U.S. troops return to Afghanistan's lost province | ReutersU.S. troops returned to the area in Afghanistan they call the "dark side of the moon" this week, a remote Hindu Kush region that controls several access routes to Kabul and where the coalition suffered one of its biggest reverses in the decade-long war...
As many as 2,500 Taliban are thought to be in the province, controlling most districts, and around 300 are foreign, mostly Pakistanis or Chechens, Afghan commanders say.
The Karzai regime's inability to consolidate its jurisdiction over Afghanistan is not entirely surprising given the country's history and institutional framework. That U.S. troops will temporarily relocate to a largely Taliban-controlled region in a bid to thwart a suspected Taliban offensive highlights the fragility of the current government. It also raises real concerns about Afghanistan's fate following NATO's redeployment.
With the politics of the 2012 campaign likely to consume America's attention in coming months, it has become more unlikely that the U.S. will correct its strategically-flawed Karzai/Kabul-centric approach. As a result, the risk that the U.S. will wind up with an inconclusive outcome that amounts to a defeat in Afghanisan much like the Soviets endured some two decades earlier has increased. If such an outcome prevails, the common error will have been a substitution of an idealistic vision for history's reality.
Not unlike the Soviets, the U.S. assumed that Afghanistan could make a revolutionary leap in governance, in this case from Taliban-led feudalism to democracy. Like the Soviets, the U.S. centered its strategy around a central government, rather than the all-important and still influential tribal leaders who have a better chance at making a difference. As had been the case in the Soviet Union, public opinion has now turned against the war. In fact, the May 3-7, 2012 Associated Press-GfK poll found that only 27% of Americans now support the war in Afghanistan and 66% oppose it. Moreover, in terms of national priorities, the May 29-31, 2012 CNN-ORC poll revealed that only 3% of Americans considered Afghanistan the most important issue. The combination of overwhelmingly negative sentiment and ranking as a veritable non-priority open the door for the U.S. to accelerate a disengagement there, even if after the election. Barring the kind of strategic shift that is highly unlikely to occur, it is difficult to argue that there is much marginal benefit from maintaining a significant war footing in Afghanistan and that is even before one considers the fiscal costs involved.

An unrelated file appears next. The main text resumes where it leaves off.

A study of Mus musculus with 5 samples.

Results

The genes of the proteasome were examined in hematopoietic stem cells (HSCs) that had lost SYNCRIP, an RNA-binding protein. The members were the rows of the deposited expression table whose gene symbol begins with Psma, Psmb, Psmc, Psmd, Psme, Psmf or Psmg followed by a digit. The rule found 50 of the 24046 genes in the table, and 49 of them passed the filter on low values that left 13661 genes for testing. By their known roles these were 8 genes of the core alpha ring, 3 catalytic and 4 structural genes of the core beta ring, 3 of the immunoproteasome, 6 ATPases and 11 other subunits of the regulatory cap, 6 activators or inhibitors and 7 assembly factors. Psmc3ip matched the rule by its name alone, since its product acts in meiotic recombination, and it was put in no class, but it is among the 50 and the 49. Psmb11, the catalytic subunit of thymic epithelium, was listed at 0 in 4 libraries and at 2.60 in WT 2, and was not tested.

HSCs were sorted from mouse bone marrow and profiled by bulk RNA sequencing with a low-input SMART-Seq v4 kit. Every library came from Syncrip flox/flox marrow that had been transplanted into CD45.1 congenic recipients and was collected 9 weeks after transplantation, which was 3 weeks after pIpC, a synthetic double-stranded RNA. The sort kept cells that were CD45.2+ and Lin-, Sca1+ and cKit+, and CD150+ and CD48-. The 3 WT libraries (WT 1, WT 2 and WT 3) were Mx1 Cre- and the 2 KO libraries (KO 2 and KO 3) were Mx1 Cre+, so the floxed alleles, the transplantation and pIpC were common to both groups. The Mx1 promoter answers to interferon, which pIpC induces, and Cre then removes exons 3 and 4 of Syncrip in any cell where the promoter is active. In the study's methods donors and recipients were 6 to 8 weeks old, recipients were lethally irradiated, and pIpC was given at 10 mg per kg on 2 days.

The war will likely be terminated according to the NATO timeline or even earlier. Neither President Obama or, if elected, Governor Romney will materially prolong, much less expand the U.S. role in Afghanistan. When the war is concluded, it will almost certainly be described as a "victory. The reality of an inconclusive outcome, neither victory nor defeat, will be uglier. Following the conclusion of the war, especially if the Karzai regime or successor central government is ultimately swept from power (perhaps by civil war, perhaps by the Taliban, or perhaps by its own ineffectual performance), military and political leaders will attempt to shift the blame to forces and factors beyond their control and some military leaders will likely point fingers at the nation's political leaders and vice versa. In such a scenario, the grim reality will be that a flawed strategy and stubborn unwillingness--by political and military leaders alike--to create a realistic framework based on Afghanistan's history, institutions, and traditions will have played a large, if not, dominant role in the outcome.
Some political and military leaders will likely try to assert that the U.S. simply didn't have enough time, but more than a decade to achieve and consolidate victory is ample time. A better outcome was attainable. It should have been attained.
A searching debate will be necessary and it will likely ensue, even as some political and military leaders find it difficult. At least for a time, the simplistic axiom that democracy can be imposed through regime change will be shattered. That won't be the first time such naive assumptions have fallen by the wayside. Following the conclusion of World War II, there as an almost utopian faith that the UN would bring security and stability and that international law would render the balance of power and spheres of influence obsolete. Nothing like that came to pass. Today, world organization is viewed as one of the greater disappointments relative to the expectations that heralded its creation.